TOKYO (Reuters Life!) - Fresh from a movie about saving Christian missionaries from a sadistic Myanmar army major, ‘Rambo’ actor Sylvester Stallone on Wednesday accused the former Burma’s junta of indifference to their citizen’s cyclone misery.
Nearly 22,500 people have been killed and 41,000 are still missing after Cyclone Nargis ripped through Myanmar’s Irrawaddy delta, washing away entire villages and rendering at least one million people homeless.
Stallone, speaking in Tokyo where he was promoting his latest Rambo movie, said the Myanmar government was clearly unprepared.
“Just recently, with this horrible cyclone, we see how these people were unprepared and are being treated terribly, suffering because of the indifference of the government,” he told a news conference.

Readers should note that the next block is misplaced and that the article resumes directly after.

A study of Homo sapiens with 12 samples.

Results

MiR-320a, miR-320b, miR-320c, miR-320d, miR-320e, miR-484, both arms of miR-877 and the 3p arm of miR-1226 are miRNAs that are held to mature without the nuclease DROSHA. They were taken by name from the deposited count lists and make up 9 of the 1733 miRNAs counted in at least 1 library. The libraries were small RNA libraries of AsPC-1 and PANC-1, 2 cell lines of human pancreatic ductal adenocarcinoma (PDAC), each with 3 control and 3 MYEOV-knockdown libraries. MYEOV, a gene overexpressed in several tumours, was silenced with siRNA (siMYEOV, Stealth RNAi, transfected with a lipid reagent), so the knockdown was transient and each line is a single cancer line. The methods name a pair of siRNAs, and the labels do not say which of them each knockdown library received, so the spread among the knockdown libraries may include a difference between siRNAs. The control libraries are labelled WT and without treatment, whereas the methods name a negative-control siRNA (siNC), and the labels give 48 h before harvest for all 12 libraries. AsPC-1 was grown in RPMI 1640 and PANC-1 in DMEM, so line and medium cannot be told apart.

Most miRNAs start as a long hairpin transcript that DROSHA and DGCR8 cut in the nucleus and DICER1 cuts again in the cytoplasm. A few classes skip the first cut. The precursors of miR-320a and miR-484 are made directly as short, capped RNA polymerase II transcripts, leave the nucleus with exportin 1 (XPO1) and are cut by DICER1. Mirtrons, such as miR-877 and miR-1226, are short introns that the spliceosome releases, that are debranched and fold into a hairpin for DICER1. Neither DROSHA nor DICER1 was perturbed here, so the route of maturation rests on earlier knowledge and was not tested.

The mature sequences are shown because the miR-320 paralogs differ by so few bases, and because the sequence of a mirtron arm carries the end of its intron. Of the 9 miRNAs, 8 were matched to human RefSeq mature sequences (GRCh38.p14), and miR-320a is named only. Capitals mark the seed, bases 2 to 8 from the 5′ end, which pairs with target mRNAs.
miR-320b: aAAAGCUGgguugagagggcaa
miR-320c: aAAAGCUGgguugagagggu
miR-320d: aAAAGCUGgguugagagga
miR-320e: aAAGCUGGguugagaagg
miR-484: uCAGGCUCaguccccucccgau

But he sounded an optimistic note on the potential for change in the country because of the global spotlight on the disaster.
“I think what’s going to come out of this devastating cyclone, and the fact that our film has made it much more apparent of the violence that these people live under, I think there’s going to be great social change in that country because they can’t hide any more.”
In his latest film , 61-year-old Stallone again plays the machinegun-toting Vietnam War veteran John Rambo, this time coming out of retirement in Thailand to save a group of Christian missionaries from the clutches of a Myanmar army major.
Entitled simply “Rambo”, the movie is banned in Myanmar, but it has been become hot property in the country’s underground DVD scene.
Stallone said he had wanted to highlight the impoverished country’s problems when he set out, well ahead of protests there last September, to make the fourth movie in the Rambo series.
“It ... is a film that’s opening up people’s eyes to the sufferings of these poor people in another part of the world, which I think is very important for America to understand that there’s a lot going on outside of our borders.”
Hollywood actors, including Stallone and Will Ferrell, have recently joined a video campaign to win support for jailed Myanmar democracy leader Aung San Suu Kyi.